12/01/2003 2:09 PM ET
Pedro wants to stay with Red Sox
BOSTON -- When Curt Schilling held his negotiations with the Red Sox last week, one of his foremost concerns was that ace Pedro Martinez, who is entering the final season of his contract, was in the team's long-term plans.
|By Ian Browne / MLB.com
He obviously became convinced of that. For after Schilling was unveiled as a member of the Red Sox on Friday evening, he didn't talk about pitching with Martinez solely in 2004.
"I spent two and a half, three years here, with a guy [Randy Johnson] whose plaque is just awaiting the end of his career. It was a lot of fun. It pushed me to do some things I never thought I could do," said Schilling. "I foresee the same situation pitching with a guy like Pedro for the next four years."
Schilling is contractually obligated to the Red Sox for the next three seasons, and there's a mutual option -- based on performance incentives -- that will likely extend the deal to a fourth season.
Martinez is due to make $17.5 million in his seventh season with the Red Sox, but he hopes it won't be the end of his ride in Boston -- particularly with a co-ace like Schilling on board.
"For me it would be a pleasure to negotiate with Boston," Martinez told the Associated Press over the weekend. "In baseball there are no guarantees, but obviously we are a better team with Schilling. Boston has the option of negotiating with me. It's something that I will leave up to them, but if it doesn't happen, I will go into my last season, and I'll do my job."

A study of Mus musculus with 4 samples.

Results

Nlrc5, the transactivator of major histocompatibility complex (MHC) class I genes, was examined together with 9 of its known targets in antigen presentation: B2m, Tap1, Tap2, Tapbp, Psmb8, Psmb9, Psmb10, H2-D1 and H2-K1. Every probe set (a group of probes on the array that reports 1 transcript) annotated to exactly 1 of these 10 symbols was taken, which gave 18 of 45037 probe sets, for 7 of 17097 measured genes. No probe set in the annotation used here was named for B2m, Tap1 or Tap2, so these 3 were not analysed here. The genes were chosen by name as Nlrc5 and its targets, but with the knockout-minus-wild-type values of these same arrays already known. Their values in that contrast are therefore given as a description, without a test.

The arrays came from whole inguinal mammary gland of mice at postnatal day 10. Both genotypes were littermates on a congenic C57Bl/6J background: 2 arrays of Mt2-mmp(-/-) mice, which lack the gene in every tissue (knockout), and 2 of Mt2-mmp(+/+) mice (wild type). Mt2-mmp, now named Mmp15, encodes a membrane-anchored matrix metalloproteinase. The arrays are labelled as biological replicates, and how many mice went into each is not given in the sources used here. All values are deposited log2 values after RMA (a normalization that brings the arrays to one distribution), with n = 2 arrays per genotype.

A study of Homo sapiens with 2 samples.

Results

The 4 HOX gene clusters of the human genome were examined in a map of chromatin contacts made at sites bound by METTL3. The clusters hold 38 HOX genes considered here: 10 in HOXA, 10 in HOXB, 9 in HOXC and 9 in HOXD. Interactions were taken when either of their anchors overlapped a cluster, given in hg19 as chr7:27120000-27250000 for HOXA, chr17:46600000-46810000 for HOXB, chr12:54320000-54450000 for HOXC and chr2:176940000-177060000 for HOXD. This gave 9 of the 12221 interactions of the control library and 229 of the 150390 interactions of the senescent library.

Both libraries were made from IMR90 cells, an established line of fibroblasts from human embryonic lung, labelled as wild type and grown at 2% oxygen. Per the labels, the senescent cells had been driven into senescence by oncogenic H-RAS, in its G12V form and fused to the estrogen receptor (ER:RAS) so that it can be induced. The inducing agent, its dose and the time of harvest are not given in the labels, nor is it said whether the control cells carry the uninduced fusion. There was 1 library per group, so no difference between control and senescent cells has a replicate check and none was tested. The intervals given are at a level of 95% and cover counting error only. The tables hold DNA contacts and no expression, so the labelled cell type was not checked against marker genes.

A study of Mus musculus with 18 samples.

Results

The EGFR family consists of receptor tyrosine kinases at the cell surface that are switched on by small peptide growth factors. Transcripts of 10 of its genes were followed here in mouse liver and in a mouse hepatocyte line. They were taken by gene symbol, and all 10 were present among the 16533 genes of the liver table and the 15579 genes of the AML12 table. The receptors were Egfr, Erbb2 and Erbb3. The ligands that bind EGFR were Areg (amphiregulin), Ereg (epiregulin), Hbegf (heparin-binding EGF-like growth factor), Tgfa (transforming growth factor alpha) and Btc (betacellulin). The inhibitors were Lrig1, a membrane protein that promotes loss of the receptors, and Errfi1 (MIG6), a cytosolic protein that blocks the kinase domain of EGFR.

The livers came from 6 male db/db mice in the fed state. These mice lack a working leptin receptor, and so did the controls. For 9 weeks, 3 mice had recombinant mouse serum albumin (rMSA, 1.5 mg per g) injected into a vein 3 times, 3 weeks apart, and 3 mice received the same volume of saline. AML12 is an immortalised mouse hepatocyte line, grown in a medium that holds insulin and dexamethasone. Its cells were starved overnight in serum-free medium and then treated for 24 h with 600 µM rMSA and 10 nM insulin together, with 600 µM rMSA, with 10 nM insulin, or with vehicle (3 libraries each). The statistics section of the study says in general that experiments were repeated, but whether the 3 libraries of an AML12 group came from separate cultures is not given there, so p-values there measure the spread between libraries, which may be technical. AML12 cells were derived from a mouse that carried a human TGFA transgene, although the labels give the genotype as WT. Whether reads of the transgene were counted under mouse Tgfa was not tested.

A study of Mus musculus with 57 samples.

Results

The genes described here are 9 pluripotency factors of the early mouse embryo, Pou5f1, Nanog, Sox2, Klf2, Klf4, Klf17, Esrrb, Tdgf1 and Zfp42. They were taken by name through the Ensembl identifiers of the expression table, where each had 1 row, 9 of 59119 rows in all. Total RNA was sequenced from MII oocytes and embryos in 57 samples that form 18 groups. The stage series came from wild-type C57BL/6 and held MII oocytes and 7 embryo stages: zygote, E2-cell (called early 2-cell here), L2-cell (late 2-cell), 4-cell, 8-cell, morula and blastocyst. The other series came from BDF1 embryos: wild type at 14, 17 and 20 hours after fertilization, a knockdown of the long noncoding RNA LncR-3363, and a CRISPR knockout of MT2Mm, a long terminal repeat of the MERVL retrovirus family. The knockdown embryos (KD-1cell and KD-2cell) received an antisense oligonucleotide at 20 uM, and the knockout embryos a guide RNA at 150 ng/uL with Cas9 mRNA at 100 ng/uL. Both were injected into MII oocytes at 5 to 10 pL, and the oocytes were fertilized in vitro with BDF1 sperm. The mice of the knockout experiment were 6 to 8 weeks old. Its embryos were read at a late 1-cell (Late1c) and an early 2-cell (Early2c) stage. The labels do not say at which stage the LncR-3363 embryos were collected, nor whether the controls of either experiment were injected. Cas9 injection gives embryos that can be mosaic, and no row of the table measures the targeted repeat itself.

Last month, Red Sox general manager Theo Epstein indicated that the club was likely to have a dialogue with Martinez this winter regarding his future.
"The relationship between management and Pedro is great right now, and we're going to keep the dialogue open," said Epstein. "I'm sure there will come a point when we discuss his future. Whether we have protracted negotiations like we did with him in Spring Training remains to be seen. As Pedro himself pointed out, he is signed for next year."
Epstein and other Red Sox officials are scheduled to make a trip to the Dominican Republic later this month to open a baseball academy.
In his interview with the Associated Press -- which took place in the Dominican Republic -- Martinez indicated that there could be negotiations when the Sox come to open the academy.
The extension Schilling signed with the Sox is worth $25.5 million over two years, and the option would be $13 million.
The way the market is going, the 32-year-old Martinez will likely have to take a significant decrease from his 2004 salary in order to remain with the Red Sox.
In a conference call with the Boston media on Nov. 7, the three-time Cy Young Award winner sounded open to that possibility.
"I have to understand that if I don't put up the same numbers that I did in '99 and 2000, and from '97 on, I'll probably get a little bit of decrease in salary," he said. "But it's still pretty good money in the market. I'll just settle for whatever the market has to offer and enjoy the game."
With Schilling at his side, things should be even more enjoyable for the man who is 101-28 since joining the Red Sox.
Martinez went 14-4 in 2003 while leading the Major Leagues with a 2.22 ERA.